Melting snow languishing on Boston streets is revealing a filthy mess, testing the resolve of residents and public officials weary from a historic season of storms.

    As spring approaches, city officials said Monday they are shifting focus, from snow removal to clearing debris from major streets, garbage from overflowing bins, and dog waste from uncleared park pathways.

    “After this unparalleled and unprecedented storm, the city is very dirty and we have to clean it up,’’ said Councilor Matt O’Malley, who called a hearing on cleanup efforts.



    Mayor Martin J. Walsh has called in trash reinforcements, approving 20 seasonal workers, known as hokeys, to walk behind garbage trucks and pick up falling debris. In addition, the city has extended its annual “Boston Shines” neighborhood cleanup program, from one weekend to three this spring, officials said.

    “What you see on the streets today is not what the public works commissioner would like to see on the streets of his city in mid-March,’’ Dennehy told councilors.

    O’Malley and Councilor Timothy McCarthy convened the hearing to address strategies for tidying up with Dennehy and other Boston officials in charge of basic city services.


    “This has been a really crushing year for small businesses,’’ said Rafael Carbonell, deputy director of neighborhood services.

    Michael Reiskind, a member of the Jamaica Plain Historical Society, said at the hearing that business has been down 30 to 40 percent since the storms, and people who have been out of work may not have money to spend in the spring. But Reiskind said the city should not use the snowfall as an excuse for the detritus in Boston.

    “While this was an unusual year, it wasn’t that unusual,’’ he said at the hearing. “Streets have looked terrible when the snow melts every year, and last year, the trash barrels in the business districts were not picked up either. I think we have to be better on trash pickup.”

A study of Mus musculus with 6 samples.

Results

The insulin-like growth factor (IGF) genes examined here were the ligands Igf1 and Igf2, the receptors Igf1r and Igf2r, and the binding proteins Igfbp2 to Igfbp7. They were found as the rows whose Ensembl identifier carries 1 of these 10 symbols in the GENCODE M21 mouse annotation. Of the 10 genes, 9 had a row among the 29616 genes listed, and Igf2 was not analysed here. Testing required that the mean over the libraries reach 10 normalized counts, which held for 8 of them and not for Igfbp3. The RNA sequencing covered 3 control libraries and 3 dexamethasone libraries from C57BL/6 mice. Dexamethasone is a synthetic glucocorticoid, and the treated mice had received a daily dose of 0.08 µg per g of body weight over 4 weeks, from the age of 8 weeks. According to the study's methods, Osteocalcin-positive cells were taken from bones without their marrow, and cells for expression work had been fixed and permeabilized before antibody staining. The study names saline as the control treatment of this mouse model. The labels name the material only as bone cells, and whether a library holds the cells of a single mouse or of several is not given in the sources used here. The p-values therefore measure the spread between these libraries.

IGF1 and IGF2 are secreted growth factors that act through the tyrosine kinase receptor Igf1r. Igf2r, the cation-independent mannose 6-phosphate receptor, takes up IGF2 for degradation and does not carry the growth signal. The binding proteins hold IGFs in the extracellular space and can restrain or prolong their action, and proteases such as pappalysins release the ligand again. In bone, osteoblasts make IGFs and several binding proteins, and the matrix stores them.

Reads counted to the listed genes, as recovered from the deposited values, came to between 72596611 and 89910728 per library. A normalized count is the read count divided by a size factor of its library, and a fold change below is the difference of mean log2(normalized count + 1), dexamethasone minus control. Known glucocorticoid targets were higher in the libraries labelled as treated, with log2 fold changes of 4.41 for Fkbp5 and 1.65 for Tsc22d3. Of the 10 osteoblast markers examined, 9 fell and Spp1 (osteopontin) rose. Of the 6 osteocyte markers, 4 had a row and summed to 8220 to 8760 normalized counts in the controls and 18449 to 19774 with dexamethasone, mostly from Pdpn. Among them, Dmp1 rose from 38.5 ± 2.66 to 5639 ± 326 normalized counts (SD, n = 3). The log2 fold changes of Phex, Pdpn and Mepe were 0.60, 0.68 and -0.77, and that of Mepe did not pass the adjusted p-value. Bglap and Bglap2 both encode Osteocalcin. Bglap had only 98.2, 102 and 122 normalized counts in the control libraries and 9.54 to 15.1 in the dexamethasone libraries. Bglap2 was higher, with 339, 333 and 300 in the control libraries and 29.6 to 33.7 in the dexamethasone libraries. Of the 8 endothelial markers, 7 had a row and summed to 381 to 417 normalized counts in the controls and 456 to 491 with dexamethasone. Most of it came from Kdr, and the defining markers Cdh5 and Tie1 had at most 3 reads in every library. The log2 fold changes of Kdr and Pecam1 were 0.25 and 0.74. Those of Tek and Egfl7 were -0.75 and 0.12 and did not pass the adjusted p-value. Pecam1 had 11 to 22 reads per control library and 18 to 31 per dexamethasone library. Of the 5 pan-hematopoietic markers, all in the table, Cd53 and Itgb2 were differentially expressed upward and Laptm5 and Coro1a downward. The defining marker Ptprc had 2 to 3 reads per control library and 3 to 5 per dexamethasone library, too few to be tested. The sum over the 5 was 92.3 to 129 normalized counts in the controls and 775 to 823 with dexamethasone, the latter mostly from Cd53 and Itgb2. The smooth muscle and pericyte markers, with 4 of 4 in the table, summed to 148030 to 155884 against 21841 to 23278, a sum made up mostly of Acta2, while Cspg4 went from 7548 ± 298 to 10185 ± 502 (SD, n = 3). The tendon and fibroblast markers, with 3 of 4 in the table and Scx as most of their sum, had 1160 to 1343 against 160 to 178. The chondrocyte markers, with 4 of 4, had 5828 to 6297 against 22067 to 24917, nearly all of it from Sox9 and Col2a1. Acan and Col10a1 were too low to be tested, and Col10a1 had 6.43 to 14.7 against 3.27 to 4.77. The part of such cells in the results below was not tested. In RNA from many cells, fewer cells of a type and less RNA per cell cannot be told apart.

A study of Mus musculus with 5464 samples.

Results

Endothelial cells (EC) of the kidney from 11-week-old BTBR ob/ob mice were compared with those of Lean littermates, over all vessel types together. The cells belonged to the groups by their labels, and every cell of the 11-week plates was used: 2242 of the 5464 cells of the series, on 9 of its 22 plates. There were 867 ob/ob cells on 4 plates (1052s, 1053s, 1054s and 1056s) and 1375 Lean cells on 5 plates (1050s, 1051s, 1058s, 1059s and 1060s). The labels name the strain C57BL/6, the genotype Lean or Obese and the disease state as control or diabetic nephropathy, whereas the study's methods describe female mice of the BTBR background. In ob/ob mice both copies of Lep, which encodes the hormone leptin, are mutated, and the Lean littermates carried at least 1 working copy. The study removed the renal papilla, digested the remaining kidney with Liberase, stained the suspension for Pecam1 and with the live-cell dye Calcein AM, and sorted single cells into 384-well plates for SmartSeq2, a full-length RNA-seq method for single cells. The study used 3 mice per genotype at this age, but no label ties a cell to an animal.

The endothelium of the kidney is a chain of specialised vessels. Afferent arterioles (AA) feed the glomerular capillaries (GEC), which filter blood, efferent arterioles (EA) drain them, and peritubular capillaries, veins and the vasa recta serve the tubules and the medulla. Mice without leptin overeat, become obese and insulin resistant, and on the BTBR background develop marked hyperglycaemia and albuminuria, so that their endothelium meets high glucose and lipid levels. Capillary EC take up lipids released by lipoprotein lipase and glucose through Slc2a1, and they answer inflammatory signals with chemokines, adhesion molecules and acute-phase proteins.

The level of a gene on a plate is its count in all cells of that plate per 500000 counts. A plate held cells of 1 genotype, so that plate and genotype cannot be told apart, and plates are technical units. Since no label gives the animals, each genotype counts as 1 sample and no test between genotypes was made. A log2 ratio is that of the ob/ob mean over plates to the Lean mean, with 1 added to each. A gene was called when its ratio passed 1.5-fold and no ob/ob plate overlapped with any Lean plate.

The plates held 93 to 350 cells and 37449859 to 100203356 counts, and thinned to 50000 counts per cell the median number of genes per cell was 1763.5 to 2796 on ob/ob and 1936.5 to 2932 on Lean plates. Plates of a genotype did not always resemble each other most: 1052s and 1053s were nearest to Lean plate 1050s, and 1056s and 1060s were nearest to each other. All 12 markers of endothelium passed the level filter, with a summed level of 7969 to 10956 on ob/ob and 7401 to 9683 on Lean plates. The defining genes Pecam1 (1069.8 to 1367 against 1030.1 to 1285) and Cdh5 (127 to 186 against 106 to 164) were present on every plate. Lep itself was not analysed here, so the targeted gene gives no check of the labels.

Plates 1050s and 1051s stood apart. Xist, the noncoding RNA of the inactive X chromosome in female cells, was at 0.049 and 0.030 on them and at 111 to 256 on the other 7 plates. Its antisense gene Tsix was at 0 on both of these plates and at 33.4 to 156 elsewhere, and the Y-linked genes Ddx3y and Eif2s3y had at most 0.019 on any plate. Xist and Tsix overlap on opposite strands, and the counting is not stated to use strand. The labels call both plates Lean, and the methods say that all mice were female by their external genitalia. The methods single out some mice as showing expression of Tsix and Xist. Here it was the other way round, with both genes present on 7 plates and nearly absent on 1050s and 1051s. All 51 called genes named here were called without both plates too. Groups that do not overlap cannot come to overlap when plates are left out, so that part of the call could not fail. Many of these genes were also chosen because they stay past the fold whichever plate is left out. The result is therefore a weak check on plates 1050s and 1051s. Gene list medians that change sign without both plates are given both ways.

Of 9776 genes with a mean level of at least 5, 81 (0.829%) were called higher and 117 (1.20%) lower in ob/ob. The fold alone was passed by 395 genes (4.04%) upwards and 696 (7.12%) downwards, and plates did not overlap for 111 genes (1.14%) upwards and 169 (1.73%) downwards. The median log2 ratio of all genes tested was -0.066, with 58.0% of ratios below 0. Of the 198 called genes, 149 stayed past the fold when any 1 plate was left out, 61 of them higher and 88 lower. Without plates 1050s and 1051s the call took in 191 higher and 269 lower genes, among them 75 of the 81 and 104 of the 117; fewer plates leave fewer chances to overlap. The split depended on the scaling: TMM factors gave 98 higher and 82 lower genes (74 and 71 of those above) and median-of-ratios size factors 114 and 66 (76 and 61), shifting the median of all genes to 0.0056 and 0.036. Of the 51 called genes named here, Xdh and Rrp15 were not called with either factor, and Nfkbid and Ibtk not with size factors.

Councilor Tito Jackson said his constituents in Roxbury and the South End were still being ticketed on streets caked with snow, and he asked whether the city had any intentions of clearing side streets. Dennehy responded that his crews aim to clear snow mounds at intersections and major thoroughfares but said it is too costly to get the side streets fully cleared.


    ‘After this unpara-lleled . . . storm, the city is very dirty and we have to clean it up,’’ --Matt O’Malley Boston councilor

    The dwindling snow also exposed the remains of the winter. “We are noticing a lot of household trash at our parks,’’ Christopher Cook, commissioner of parks and recreation, said. “People are dumping their household trash.”

    Unable to reach snow-buried trash cans, people have simply left bags filled with dog waste close to bins, Cook said.

    Crews are digging out and clearing the parks and recreation department’s 331 properties, including cemeteries, golf courses, and park lands, the commissioner said. Officials have alerted local athletic directors the city is doing everything it can to clear Boston ball fields in time for the start of the spring sports season.

    But they are also warning of delays because of the volume of snow and debris still on the ground.

    Daily snowfall in Boston

    On March 15, this year's snowfall broke the record-setting total from 1995-1996.
    Data through Mar. 23, 2015 at 11 a.m.

    DATA: National Weather Service, Boston; NOAA

    Globe Staff

    Meghan E. Irons can be reached at meghan.irons@globe.com. Follow her on Twitter @meghanirons.